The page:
During the early summer of 2010, the McCracken family hit upon the idea of designing a T-shirt to raise money and awareness for marine life harmed by the ongoing BP oil spill, in part just to keep children Rory and Maeve occupied.
The latest recognition for Rory, 16, and Maeve McCracken, 11, was announced Monday. It’s the 2014 Gloria Barron Prize for Young Heroes. Now in its 14th year, the award recognizes 25 young people nationwide, ages 8 to 18, who have made a significant difference in people and in the environment through service projects. The prize was founded in 2001 by author T.A. Barron and named for his mother, Gloria.
The McCracken children have already earned a Conservationist of the Year award from the Louisiana Wildlife Federation, a Coastal Stewardship award issued by the Coalition To Restore Coastal Louisiana, as well as the international conservation organization Oceana’s Hero Award in its youth category, beating out 300 other nominees.
The Barron Prize comes with money, $5,000, plus a still-to-be-named mentor for the children, “an adult who is passionate about and working in the winner’s area of interest.” Winners have to be nominated by someone who is not part of their family.
Parents Andy and Meghan McCracken have known for weeks but just told their kids Monday of the latest honor. The parents are both scuba divers and have passed along their love of the underwater environment, particularly the Gulf of Mexico, to their two children, who are both certified to dive.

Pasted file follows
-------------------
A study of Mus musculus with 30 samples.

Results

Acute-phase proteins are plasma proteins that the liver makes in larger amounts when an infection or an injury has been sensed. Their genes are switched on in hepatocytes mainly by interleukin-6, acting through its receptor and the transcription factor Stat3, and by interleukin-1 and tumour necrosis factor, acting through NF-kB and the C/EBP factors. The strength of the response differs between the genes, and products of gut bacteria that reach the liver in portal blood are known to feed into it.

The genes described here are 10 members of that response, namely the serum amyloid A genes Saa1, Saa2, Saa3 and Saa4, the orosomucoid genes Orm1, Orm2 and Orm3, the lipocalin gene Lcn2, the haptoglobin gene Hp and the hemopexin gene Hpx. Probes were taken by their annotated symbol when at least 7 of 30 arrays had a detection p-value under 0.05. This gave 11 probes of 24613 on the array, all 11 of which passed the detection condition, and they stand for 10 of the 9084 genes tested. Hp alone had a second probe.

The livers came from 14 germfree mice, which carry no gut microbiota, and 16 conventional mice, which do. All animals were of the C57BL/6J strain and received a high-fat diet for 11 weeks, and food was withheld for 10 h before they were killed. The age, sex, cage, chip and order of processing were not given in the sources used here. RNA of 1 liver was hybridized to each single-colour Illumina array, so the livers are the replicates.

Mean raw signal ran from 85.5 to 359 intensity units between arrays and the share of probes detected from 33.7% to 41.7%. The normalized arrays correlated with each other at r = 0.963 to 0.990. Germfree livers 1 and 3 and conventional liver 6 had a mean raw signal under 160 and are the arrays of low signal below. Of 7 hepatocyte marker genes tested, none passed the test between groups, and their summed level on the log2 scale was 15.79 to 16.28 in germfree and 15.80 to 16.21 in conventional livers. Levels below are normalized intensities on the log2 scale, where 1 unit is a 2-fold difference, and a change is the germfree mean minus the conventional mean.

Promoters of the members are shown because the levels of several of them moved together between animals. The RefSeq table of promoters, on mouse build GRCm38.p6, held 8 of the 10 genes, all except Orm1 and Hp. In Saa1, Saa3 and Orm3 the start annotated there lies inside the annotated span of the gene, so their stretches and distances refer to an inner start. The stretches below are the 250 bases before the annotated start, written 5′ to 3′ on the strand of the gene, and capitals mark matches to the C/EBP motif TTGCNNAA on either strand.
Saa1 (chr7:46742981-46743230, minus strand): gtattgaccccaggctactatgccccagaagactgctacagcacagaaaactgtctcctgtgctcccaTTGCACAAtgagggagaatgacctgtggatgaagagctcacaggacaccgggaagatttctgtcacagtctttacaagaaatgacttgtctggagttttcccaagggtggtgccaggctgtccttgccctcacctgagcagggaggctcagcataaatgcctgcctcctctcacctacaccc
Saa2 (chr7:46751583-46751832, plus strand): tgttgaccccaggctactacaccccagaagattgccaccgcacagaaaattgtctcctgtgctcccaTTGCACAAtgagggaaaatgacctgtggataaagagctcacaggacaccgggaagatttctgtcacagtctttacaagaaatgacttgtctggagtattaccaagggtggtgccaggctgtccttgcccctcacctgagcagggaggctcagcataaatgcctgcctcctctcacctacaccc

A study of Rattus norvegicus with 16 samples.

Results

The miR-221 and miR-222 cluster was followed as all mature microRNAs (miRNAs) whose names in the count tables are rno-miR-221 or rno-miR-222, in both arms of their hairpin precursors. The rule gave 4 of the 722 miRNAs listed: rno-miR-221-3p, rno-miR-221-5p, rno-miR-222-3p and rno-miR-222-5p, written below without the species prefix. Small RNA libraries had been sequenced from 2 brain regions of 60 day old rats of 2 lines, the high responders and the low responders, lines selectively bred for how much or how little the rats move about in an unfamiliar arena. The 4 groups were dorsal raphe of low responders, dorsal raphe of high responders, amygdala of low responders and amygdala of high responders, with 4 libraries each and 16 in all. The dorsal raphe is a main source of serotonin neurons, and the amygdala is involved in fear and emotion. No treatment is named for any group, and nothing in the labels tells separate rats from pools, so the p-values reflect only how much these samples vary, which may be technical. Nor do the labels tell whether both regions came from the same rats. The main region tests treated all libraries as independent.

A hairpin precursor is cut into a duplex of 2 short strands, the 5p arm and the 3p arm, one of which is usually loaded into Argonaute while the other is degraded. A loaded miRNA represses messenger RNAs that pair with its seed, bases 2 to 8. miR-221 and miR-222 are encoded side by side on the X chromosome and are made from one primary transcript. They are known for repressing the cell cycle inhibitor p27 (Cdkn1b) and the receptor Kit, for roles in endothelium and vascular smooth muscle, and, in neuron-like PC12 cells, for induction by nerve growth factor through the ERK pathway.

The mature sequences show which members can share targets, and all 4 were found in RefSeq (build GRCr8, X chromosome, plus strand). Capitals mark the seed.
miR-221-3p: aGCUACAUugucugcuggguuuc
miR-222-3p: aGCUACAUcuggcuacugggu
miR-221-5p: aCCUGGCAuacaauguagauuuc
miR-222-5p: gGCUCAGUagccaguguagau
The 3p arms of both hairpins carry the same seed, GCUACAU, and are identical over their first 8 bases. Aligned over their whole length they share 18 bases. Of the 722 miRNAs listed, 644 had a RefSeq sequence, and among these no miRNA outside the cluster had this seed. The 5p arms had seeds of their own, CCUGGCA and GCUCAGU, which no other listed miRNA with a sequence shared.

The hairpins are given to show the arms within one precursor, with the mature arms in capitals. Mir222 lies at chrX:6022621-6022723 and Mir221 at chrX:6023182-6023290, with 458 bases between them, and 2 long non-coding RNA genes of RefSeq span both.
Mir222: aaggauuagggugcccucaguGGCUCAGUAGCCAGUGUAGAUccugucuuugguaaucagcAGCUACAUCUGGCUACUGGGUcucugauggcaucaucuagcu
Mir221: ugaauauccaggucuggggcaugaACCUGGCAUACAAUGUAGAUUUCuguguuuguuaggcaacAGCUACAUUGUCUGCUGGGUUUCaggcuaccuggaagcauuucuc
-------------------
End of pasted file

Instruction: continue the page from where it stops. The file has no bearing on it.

The mother said the children will likely use the prize money to purchase additional copies of their book, raising even more money for BP disaster relief. One possible future activity is to create an artificial reef in the Gulf through a technology known as a Reef Ball, she said.
Meghan McCracken said the children have a wide range of interests at Episcopal High School in Baton Rouge, including several sports, but the marine world is an abiding interest.
When the family travels, there’s usually something to learn and water nearby. For instance, in a trip to the Florida Keys, the family met Louie, a bottlenose dolphin who was covered in oil emanating from the BP spill and who lives now in the Dolphin Research Center.
She said the family has followed the tangled aftermath of the BP spill and will on occasion discuss the latest news at the dinner table, but generally tries to “stay out of the politics of it.”
“We’ve got to find a balance between industry, what’s driving our economy and protecting what’s out there,” the mother said.